All January Writing Workshop stories were written in 15 minutes, the writer inspired by the following prompt: “This coffee house is a castle of memories I’d like to forget with the barista playing his jester’s tune, the bitter coffee like hot oil from the keep while I sip my tea in solitude.”
The coffeehouse. A place I’ve been spending most of my 20’s. As a scholar, I’d come here oft to study and cozy up to the crackling fireplace.
My favorite days were Thursdays. The regulars — at this point anyone who showed up more than once a week — would saddle up to the microphone for a chance to serenade the (nearly) empty room. Most of the time it was the baristas switching on and off the bar and the spoitlight as no one else showed enough interest to get up there themselves. Twas intriguing… as if they worked there simply to be admired for their craft once a week; like jesters in the king’s court earning their keep by entertaining the masses. Nobles, sometimes the occasional commoner, would throw their gold coins at the “entertainment” while drowning out the mediocrity of the swill they tried to pass as coffee. It’s what kept the lights on, I suppose.
Then there was me — the “witch” from out of town who spend her evenings by the fire yet couldn’t name a single face. Was I above them? Too important to learn? No. I was just temporary. Despite my constant appearances i would be gone whence my craft was learned. Although I didn’t know a single name, I sure knew enough about their personal lives.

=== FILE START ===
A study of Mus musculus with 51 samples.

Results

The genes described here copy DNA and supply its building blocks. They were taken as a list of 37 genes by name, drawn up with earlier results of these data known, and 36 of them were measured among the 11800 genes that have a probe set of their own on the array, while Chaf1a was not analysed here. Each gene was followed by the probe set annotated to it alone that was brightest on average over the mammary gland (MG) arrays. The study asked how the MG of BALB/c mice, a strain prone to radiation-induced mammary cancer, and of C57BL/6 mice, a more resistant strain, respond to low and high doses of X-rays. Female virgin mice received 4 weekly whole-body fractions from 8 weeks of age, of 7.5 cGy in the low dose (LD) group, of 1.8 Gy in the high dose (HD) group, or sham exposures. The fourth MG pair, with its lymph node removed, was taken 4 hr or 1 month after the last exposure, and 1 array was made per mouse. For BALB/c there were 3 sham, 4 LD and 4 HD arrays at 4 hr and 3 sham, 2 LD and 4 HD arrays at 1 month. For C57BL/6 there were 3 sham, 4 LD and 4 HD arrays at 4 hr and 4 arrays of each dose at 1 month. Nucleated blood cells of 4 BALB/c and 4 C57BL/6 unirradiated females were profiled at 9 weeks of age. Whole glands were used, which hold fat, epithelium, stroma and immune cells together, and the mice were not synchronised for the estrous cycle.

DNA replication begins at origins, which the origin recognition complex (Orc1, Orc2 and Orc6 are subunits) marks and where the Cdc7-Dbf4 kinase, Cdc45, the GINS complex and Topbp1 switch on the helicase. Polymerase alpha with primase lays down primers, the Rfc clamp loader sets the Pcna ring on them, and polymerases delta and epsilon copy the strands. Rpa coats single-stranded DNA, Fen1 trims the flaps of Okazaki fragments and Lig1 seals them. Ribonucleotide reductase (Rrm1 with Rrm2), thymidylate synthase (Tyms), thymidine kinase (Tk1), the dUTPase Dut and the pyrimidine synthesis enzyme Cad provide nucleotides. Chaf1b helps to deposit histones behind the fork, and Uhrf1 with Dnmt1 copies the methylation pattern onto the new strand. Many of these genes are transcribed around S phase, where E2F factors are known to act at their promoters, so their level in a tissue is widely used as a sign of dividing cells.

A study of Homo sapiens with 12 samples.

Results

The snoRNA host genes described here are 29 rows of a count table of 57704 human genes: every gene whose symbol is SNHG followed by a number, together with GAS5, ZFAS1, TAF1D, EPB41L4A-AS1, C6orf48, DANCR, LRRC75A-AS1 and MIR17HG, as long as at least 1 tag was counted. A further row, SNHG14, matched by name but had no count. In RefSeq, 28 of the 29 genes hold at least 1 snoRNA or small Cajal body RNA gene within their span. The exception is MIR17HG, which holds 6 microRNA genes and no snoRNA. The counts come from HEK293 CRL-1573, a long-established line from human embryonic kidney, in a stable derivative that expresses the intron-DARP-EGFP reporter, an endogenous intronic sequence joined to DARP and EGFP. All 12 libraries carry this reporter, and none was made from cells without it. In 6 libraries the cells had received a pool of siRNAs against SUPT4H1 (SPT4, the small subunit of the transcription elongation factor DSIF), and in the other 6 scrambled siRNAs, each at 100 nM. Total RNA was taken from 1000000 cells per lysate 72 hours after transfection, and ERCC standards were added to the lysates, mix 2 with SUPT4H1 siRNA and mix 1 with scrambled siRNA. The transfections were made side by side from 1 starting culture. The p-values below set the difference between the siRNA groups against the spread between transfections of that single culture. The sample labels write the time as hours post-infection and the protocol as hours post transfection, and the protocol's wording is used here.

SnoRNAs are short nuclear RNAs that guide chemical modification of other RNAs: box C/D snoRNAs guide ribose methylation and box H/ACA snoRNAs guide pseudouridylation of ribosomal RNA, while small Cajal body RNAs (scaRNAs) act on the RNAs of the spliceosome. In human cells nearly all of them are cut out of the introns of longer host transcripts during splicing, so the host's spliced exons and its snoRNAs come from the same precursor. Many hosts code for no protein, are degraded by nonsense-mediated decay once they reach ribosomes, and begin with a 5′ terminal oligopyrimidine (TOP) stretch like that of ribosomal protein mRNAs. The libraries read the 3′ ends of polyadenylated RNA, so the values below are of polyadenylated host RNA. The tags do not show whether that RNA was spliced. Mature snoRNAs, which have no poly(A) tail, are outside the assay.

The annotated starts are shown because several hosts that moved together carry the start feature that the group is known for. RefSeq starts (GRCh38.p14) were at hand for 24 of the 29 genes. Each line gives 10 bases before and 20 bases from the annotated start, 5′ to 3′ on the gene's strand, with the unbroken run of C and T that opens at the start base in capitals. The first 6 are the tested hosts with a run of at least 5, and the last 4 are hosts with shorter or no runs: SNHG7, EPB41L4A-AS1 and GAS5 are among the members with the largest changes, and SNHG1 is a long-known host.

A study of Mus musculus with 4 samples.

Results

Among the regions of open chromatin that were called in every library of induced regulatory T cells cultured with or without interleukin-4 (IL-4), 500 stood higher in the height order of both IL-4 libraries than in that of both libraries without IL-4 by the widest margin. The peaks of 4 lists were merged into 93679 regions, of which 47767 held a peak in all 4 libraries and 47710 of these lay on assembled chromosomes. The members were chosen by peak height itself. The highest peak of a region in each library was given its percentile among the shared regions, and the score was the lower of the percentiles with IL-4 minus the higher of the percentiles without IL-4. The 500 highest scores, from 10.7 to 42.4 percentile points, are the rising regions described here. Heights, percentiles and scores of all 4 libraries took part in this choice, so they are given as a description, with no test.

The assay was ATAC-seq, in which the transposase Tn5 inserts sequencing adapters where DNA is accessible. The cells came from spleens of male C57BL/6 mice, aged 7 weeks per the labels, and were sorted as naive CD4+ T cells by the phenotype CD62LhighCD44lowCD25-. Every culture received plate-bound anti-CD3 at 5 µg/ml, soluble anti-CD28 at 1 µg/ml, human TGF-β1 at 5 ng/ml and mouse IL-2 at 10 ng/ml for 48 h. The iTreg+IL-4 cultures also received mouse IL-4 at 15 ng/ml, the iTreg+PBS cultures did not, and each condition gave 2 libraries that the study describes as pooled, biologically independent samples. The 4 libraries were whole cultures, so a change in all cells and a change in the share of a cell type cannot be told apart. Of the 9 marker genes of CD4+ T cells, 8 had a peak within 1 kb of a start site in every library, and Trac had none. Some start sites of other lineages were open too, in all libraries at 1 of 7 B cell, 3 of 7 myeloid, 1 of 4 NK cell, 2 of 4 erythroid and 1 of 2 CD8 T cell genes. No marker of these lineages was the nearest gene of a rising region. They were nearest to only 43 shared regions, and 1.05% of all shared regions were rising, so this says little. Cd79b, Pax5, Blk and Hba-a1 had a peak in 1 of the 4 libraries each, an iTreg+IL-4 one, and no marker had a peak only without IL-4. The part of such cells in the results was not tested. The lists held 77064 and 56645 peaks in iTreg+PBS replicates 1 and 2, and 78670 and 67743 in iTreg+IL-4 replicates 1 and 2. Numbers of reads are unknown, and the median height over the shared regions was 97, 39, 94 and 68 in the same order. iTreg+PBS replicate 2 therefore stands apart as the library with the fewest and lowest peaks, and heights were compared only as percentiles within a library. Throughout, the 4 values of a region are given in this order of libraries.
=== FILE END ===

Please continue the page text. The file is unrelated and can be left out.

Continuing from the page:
The main barista — tall, a bit disheveled looking, but on purpose — brought a new groupie with him every week. It made sense, really, as the only songs he knew were “Wonderwall” and “Yellow” so once was enough to hear his entire repertoire. The other, a short ginger girl sang originals, but sand mostly to herself as she was too soft. It’s like she was afraid her lyrics would get her sent to the stocks.
The jesters performed for the nobles every week. Same time. Same routine. Wonderwall, Yellow, whispered originals. Sometimes I think of them in my daily life outside my studies and sigh to myself. They’re stuck in their routine, and I suppose I’m stuck in mine, too. After all, without their stories I wouldn’t have one of my own. I’d just be the witch from out of town sipping her chamomile.